Has your doctor talked to you about peripheral vascular disease? Do you have any of the risk factors or symptoms? Have you already been diagnosed?
Not many people know about peripheral vascular disease until they already have it. But what is it?
We’re here to explain. Whether this is new to you or you’re interested in learning more after a doctor’s diagnosis, we have all of the basic information that you’re looking for. Keep reading to learn more.
What Is Peripheral Vascular Disease?
Peripheral vascular disease (otherwise known as PVD) is a disorder that affects your circulation. It causes your blood vessels to block or narrow, making it so blood has a harder time getting to the rest of your organs.
With PVD, your body might form clots in the arteries. If left unchecked, these clots can lead to amputation.
Even if you haven’t heard of it, you may have heard of one of its alternative names. It’s also called arteriosclerosis, claudication, intermittent claudication, or arterial insufficiency of the legs.
You may also have heard it referred to as peripheral arterial disease (or PAD). While PAD is a type of PVD, the terms are often used interchangeably.
It’s common among people over 60, with over 8.5 million people suffering from it in the United States alone.
There are two primary categories for PVD: functional PVD and organic PVD. When plaque buildup happens, it causes the blood to constrict and narrow. This is what happens with organic PVD.
Functional PVD causes blood vessels to narrow and expand. This is something that happens to people without PVD as well, but with PVD the reaction is extreme.
Noticing the extreme reactions vs normal reactions isn’t always easy. Check out these reasons that clinics should have the Viasonix Falcon Pro to help with the diagnosis of Raynaud’s disease, a kind of functional PVD.
The Symptoms of Peripheral Vascular Disease
How do you know if you have peripheral vascular disease?
There are a few common peripheral vascular disease symptoms that you should bring up to your doctor if you’re concerned. You’ll typically feel these symptoms in your lower body; mostly in your legs and toes.
Your legs may change color, looking pale, blue, purple, or red. They’ll also have thinner skin and a reduction in hair growth.
The appearance of your nails will change as well. They’ll look more opaque.
Wounds and ulcers on your legs won’t heal, and you may notice that your leg’s pulse feels weaker than normal. You’ll also experience pain, cramps, and burning, or numbness and heaviness.
If you notice these symptoms, it’s important to see a doctor as soon as possible. They’re a sign that your circulation isn’t working in your legs.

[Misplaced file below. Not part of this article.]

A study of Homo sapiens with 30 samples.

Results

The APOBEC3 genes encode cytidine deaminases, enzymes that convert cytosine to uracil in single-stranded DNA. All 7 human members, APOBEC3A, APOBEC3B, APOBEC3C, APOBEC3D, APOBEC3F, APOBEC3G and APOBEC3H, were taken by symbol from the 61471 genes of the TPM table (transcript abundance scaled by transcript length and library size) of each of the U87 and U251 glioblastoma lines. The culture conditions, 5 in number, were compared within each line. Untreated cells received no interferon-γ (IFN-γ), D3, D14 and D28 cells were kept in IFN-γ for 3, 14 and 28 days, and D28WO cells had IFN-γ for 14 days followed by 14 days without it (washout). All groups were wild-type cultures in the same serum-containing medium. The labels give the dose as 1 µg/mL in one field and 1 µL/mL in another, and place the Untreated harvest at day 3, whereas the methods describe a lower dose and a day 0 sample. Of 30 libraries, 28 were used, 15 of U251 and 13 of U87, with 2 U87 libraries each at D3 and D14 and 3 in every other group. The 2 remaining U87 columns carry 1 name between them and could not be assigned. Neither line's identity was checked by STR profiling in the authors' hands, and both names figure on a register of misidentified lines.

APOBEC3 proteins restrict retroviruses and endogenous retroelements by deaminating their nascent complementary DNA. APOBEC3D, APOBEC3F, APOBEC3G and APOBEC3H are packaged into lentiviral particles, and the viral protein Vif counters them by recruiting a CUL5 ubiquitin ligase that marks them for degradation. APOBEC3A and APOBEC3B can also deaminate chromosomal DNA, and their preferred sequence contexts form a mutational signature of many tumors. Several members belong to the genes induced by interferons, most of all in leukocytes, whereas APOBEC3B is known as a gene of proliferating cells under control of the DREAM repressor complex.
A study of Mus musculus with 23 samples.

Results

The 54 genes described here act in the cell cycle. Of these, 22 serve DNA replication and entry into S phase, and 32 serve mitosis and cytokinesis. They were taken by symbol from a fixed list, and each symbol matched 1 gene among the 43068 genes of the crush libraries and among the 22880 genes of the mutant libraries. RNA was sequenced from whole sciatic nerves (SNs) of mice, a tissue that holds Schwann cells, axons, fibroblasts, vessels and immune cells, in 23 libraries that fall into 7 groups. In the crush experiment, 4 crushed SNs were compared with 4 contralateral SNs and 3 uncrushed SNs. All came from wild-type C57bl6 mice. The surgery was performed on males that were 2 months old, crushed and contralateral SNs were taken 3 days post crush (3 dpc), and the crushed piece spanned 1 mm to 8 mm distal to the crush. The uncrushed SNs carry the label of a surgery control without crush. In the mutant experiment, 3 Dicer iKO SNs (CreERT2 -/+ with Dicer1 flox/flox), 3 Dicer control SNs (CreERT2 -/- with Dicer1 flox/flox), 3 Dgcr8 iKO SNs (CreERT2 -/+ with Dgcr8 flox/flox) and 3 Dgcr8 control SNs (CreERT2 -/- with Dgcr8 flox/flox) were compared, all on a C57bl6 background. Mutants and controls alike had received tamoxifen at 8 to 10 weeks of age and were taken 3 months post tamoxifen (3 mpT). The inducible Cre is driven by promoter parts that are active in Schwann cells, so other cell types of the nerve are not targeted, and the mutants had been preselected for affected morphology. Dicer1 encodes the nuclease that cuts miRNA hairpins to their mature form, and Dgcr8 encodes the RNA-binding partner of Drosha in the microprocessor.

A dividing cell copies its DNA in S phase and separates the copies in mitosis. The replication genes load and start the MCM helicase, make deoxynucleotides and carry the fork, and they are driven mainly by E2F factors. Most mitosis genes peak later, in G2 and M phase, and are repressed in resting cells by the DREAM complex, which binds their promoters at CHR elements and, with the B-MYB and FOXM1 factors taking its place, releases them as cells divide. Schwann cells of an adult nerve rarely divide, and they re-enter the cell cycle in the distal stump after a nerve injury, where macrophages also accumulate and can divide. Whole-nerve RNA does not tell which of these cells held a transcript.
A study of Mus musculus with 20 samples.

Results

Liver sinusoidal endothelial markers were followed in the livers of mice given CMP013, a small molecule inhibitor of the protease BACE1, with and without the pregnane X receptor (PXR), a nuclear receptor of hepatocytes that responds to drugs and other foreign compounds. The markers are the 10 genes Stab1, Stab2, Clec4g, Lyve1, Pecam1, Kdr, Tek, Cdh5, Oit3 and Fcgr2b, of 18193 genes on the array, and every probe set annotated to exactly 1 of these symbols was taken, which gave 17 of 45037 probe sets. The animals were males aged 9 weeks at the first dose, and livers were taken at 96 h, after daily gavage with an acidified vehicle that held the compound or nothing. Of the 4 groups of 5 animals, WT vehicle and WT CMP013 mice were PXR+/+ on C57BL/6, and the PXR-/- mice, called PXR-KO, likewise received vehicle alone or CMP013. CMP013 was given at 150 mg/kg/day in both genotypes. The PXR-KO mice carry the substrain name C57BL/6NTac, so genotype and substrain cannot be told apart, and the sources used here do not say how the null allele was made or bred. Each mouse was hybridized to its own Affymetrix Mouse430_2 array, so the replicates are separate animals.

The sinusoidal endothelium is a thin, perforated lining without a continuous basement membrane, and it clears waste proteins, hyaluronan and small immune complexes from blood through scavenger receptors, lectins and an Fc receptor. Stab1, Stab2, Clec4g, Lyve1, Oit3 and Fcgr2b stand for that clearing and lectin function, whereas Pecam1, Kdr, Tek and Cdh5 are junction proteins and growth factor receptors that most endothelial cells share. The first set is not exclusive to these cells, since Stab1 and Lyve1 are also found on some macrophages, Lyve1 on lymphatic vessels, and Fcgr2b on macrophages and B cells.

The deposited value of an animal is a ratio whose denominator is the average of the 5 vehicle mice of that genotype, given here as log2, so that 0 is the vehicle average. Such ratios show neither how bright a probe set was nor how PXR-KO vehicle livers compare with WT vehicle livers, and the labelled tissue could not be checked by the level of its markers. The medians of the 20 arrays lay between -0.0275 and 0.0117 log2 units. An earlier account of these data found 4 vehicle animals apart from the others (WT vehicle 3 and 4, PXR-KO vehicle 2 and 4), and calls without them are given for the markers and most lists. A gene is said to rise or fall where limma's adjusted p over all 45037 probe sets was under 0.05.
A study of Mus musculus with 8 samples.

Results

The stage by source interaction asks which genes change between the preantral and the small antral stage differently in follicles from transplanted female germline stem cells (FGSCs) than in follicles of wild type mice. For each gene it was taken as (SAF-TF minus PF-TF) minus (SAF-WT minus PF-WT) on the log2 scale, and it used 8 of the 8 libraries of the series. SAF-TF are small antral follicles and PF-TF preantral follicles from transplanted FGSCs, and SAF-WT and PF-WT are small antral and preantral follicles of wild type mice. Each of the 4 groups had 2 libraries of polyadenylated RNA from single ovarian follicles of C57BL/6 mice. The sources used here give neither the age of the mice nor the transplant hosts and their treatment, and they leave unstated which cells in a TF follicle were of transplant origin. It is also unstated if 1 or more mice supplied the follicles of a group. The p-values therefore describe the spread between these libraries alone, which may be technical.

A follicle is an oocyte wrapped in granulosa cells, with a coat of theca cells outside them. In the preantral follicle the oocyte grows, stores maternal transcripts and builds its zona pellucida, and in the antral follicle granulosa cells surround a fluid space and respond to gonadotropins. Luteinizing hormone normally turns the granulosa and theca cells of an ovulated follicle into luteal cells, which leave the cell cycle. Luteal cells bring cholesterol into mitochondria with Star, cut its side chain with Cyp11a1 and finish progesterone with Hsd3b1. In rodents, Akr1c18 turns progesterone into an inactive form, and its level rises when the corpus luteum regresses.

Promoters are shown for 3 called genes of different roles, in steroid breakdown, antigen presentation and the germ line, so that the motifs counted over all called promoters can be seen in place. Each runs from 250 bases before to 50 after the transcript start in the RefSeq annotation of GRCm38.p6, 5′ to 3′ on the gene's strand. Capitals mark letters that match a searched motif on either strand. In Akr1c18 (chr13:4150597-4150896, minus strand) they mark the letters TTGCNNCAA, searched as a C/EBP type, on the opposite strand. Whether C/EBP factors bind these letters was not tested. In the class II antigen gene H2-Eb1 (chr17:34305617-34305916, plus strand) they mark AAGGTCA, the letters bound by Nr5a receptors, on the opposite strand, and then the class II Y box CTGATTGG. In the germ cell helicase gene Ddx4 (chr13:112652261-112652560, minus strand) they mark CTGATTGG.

Risk Factors for Peripheral Vascular Disease
There are several risk factors for peripheral vascular disease.
Organic PVD and functional PVD have some mutual causes and some separate ones. Organic PVD can be caused by smoking, high cholesterol, high blood pressure, and diabetes. Functional PVD causes include exposure to cold temperatures, stress, overexposure to vibrating machinery, and drug use.
Other risk factors include both things that you can and cannot control. Age is a risk factor. People over the age of 50 are more likely to develop PVD.
If you’re overweight, have kidney disease or heart disease, or have a family history of heart or circulatory problems, you’re also more likely to end up with peripheral vascular disease.
You can lower your chances of PVD by having a regular exercise routine and a well-balanced diet.
What Happens When It’s Left Untreated?
There are many complications that can arise from PVD when you don’t seek diagnosis and treatment.
You’ll almost surely experience long-term pain until you seek treatment. Your skin will be paler than normal, and you’ll have a harder time healing wounds. This can lead to infections.
You may also experience bone infections, which, when left untreated, can be fatal.
Erectile dysfunction is common with PVD due to the lack of blood circulation, as is tissue death (which may cause a need for amputation).
In other words, it’s crucial that you seek treatment for PVD as soon as possible.
Treatment for Peripheral Vascular Disease
If your doctor diagnoses you with PVD, there’s no cure for it. The goal of treatment is a reduction in symptoms and stopping the progression of the disease. When managed well, you may see your symptoms disappear entirely.
Depending on the progression of the disease, your doctor will first suggest healthy lifestyle changes. If you don’t exercise or eat healthy meals, they’ll suggest that you start. Your exercise doesn’t have to be extreme. It’s as simple as taking frequent walks.
If you’re overweight, your doctor may put you on a meal plan. If you smoke, it causes your blood vessels to constrict even without PVD. With PVD you’ll make the symptoms worse, so your doctor will advise you to quit.
Early diagnosis of PVD makes it more likely that lifestyle changes alone will reduce or eradicate your symptoms.
If you were diagnosed late, you’ll need to take medication or get surgery. Your doctor may give you medications that reduce clotting (like aspirin), increase circulation, and lower high blood pressure and cholesterol.
If the medications aren’t successful, your doctor may recommend surgery. They may suggest angioplasty to widen the arteries, and vascular surgery, which makes it easier for the blood to flow through the narrow arteries.
PVD: Do You Have the Symptoms and Risk Factors?
If you haven’t been diagnosed with peripheral vascular disease and the symptoms and risk factors that we listed sound familiar, it might be time to see a doctor and express your concerns.
There are many testing options for PVD, and you can get a diagnosis quickly. Catching PVD early is the best way to guarantee a reduction of symptoms and live a happy and healthy life.